Before diving into the benefits of RERA let us first have a brief look at what RERA is and its salient features.
The Real Estate (Regulation and Development) Act, 2016 (RERA)(1) is an Act passed by the Indian Parliament. RERA seeks to protect the interests of home buyers and also boosts investments in the real estate sector.
The Rajya Sabha passed the RERA bill on March 10, 2016, followed by the Lok Sabha on March 15, 2016, and it came into force from May 1, 2016. 59 of its 92 sections were notified on May 1, 2016, and the remaining provisions came into force from May 1, 2017.
After reading all that, you must be wondering - but how did RERA actually do that? Well, RERA seeks to bring clarity and fair practices that would protect the interests of buyers and also impose penalties on errant builders.
Wait, why did we need RERA in the first place?
The amount of effort in terms of time, money, and manpower put in, to implement RERA has cost taxpayers a fortune. In a situation like this, one is bound to ask; why did we even need RERA? Well, here's a simple answer to it.
For a long time, home buyers have complained that real estate transactions were lopsided and heavily in favour of the developers. RERA and the government’s model code aims to create a more equitable and fair transaction between the seller and the buyer of properties, especially in the primary market.
RERA, it is hoped, will make real estate purchase simpler, by bringing in better accountability and transparency, provided that states do not dilute the provisions and the spirit of the central act.
RERA will give the Indian real estate industry its first regulator. The Real Estate Act makes it mandatory for each state and union territory, to form its own regulator and frame the rules that will govern the functioning of the regulator.
RERA has a number of benefits for the buyer, the promoter, and the real estate agent. These include:
Standardisation of carpet area: Before RERA, the manner by which a builder calculated the price of a project wasn’t defined. However, with RERA there is now a standard formula that is used to calculate the carpet area. This way, promoters cannot provide inflated carpet areas to increase prices.
Reduces the risk of insolvency of the builder: Most promoters and developers tend to have multiple projects being developed at the same time. Earlier, developers were allowed to move funds raised from one project to that of another. This is not possible with RERA since 70% of the funds raised need to be deposited in a separate bank account. These funds can be withdrawn only after certification by an engineer, a chartered accountant, and an architect.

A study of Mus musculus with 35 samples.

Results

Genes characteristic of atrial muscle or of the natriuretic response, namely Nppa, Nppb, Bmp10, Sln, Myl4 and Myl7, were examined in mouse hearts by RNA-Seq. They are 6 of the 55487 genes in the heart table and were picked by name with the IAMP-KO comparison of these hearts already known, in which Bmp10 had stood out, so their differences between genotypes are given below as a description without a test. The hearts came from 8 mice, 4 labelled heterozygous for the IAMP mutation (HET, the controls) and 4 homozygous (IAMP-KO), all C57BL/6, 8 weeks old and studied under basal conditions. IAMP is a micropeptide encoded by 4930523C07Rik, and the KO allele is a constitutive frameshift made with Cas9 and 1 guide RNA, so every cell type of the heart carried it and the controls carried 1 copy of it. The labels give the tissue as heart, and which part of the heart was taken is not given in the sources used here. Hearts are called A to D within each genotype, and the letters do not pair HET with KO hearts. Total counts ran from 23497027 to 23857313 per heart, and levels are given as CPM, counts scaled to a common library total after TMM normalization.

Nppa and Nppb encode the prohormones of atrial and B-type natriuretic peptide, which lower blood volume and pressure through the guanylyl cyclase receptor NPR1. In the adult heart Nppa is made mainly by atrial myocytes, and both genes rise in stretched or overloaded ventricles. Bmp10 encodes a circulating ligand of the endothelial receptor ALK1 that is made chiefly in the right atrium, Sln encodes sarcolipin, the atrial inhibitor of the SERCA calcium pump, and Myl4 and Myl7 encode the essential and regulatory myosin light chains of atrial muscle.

Advance payment: As per the rules, a builder cannot take more than 10% of the cost of the project from the buyer as advance or application fees. This saves the buyer from having to source funds fast and having to pay a large amount.
Rights of the buyer in case of any defects: Within 5 years of possession, if there is any structural defects or problems in quality, the builder has to rectify these damages within 30 days at no cost to the buyer.
Interest to be paid in case of default: Prior to RERA, if the promoter delayed possession of the property, the interest paid to the buyer was much lower than if the buyer delayed payments of the promoter. This has changed with RERA and both parties have to pay the same amount of interest.
Buyer’s rights in case of false promises: If there is a mismatch in terms of what was promised by the builder and what has been delivered, the buyer is entitled to a full refund of the amount that was paid as advance. At times, the builder may have to provide interest on the amount as well.
If there is a defect in the title: If at the time of possession, the buyer discovers that there is a defect in the title of the property, the buyer can claim compensation from the promoters. There is no limit to this amount.
Right to information: The buyer has a complete right to information about the project. This includes plans related to layout, execution, and completion status.
Grievance Redressal: If the buyer, the promoter, or the agent has any complaints with respect to the project, they can file a complaint with RERA. If they aren’t pleased with RERA’s decision, a complaint can also be filed with the Appellate Tribunal.
After reading all that, it all comes down to: How does it affect me? So, here is how the RERA act has an impact on the homebuyers.
Some of the important compliances that are covered under the RERA act are:
Informing allottees about any minor addition or alteration
Consent of 2/3rd allottees about any other addition or alteration
No launch or advertisement before registration with RERA
Consent of 2/3rd allottees for transferring majority rights to 3rd party
Sharing information project plan, layout, government approvals, land title status, sub-contractors
Increased assertion on the timely completion of projects and delivery to the consumer
An increase in the quality of construction due to a defect liability period of five years
Formation of RWA within a specified time or 3 months after the majority of units have been sold
RERA was launched by the government to tackle the many problems that a homebuyer faces. It was also developed to build accountability and transparency in the property industry.
Have you faced any property related issue? Or, have you ever filed for RERA? What are the types of problems you faced? Let us know in the comment section below!
1. The Real Estate (Regulation and Development) Act - A detailed view of The Real Estate (Regulation and Development) Act.